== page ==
REDARC to shine a light for Hunter class

South Australian company REDARC Defence & Space has been awarded a $23 million contract for the supply of lighting and related parts for the Royal Australian Navy’s anti-submarine warfare frigates.

The Lonsdale-based company will be responsible for the manufacture and delivery of 12,600 LED lights for the first three Hunter class warships being built at the world-class Osborne Naval Shipyard.

The contract is the result of a five-year collaboration between REDARC and UK LED lighting business MARL International. The companies will partner to produce 79 different types of lights for each frigate, including bunk and flood lights, weatherdeck and step lights, general and emergency lights.

Announcing the news, BAE Systems Australia Maritime Managing Director Craig Lockhart said the contract built on the company’s commitment to building Australian industry capability (AIC).

“I welcome the partnership between REDARC Defence & Space and MARL International, which will lead to Australians manufacturing thousands of lights and related parts for the first batch of three Hunter class frigates,” he said.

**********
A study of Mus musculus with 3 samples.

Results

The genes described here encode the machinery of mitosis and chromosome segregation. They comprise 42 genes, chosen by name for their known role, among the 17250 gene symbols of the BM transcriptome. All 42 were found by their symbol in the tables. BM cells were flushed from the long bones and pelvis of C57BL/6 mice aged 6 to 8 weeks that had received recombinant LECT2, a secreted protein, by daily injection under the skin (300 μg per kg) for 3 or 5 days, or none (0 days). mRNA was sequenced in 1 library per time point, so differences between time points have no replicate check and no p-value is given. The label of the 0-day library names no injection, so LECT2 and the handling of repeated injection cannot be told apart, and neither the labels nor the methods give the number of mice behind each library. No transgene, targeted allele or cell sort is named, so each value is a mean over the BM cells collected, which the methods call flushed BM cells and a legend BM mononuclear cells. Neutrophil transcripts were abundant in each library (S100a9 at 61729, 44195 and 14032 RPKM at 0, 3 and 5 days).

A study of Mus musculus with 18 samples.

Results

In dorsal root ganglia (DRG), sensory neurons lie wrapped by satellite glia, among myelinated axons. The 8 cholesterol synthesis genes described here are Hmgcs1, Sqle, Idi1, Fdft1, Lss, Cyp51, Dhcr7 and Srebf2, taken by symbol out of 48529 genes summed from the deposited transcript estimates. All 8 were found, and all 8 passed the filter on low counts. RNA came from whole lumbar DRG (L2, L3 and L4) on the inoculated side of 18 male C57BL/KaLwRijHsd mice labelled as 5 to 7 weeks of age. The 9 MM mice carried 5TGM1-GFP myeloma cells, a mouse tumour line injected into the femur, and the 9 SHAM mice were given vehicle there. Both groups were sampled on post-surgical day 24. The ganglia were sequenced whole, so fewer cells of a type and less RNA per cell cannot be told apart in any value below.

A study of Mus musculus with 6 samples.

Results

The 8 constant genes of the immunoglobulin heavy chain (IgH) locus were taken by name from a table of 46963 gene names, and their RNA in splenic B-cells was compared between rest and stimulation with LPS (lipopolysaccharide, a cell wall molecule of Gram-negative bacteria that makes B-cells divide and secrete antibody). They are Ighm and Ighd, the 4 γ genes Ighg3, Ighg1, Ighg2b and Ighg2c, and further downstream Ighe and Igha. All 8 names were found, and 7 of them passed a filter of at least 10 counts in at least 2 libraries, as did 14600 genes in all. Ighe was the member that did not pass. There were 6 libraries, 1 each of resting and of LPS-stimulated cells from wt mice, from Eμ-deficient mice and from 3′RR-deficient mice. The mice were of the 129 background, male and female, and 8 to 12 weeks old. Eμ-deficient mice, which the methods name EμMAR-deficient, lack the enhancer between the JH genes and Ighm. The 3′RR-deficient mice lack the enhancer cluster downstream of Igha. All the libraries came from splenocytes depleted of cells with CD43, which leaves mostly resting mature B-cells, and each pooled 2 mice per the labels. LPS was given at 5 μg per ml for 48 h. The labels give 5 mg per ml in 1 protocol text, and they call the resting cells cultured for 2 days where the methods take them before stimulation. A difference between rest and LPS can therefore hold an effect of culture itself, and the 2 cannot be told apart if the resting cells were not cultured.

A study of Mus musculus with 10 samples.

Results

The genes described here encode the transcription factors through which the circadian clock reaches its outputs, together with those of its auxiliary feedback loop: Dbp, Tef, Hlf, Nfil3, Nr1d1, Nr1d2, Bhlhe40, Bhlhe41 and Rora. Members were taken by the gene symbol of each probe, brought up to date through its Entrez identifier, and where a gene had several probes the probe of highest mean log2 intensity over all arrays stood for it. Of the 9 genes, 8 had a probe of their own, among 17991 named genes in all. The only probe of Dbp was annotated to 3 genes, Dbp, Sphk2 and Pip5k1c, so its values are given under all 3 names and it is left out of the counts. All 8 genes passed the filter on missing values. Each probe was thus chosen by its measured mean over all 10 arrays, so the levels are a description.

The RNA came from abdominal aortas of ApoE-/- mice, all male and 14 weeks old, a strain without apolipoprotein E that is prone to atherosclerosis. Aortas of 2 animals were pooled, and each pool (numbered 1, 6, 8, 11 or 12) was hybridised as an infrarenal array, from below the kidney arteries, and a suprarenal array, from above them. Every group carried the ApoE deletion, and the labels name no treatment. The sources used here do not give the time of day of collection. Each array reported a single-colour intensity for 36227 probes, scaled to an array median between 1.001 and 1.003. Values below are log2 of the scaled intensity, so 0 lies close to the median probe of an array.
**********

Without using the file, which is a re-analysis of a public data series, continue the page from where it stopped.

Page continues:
“We will continue to collaborate closely with the Commonwealth and support the growth of AIC and to that end, we expect that in future ship batches the percentage of Australian content will increase.”

REDARC Managing Director and owner, Anthony Kittel said the partnership with MARL would see the transfer of the technology to Australia.

“Being able to deliver exceptionally high quality maritime LED lights – manufactured, sustained and supported in Australia – is a great step for us,” he said.

“This contract will allow REDARC Defence & Space to further grow our defence workforce and upskill our current staff as well as our Australian supply chain.”

REDARC and MARL partnership will provide a superb lighting solution for the Hunter class frigates, delivering state-of-the-art operational performance, reduced through-life costs and environmental benefits. BAE Systems Australia and the Commonwealth are working together to strengthen Australian industrial capability, and more than 50 Australian businesses have already been contracted to contribute to the supply chain for Hunter’s prototyping phase.

As the program progresses, more local small to medium sized companies will be contracted to contribute to the supply chain for equipment and parts manufacture, provision and assembly for the first batch of frigates.

Read the BAE Systems Australia news story.

Read the media release.

Image (L-R): BAE Systems Australia Maritime Head of Supply Chain, Michele Galeano and Managing Director REDARC Defence & Space, Anthony Kittel are pictured inside the first of five prototype ship blocks manufactured at the Osborne Naval Shipyard in SA.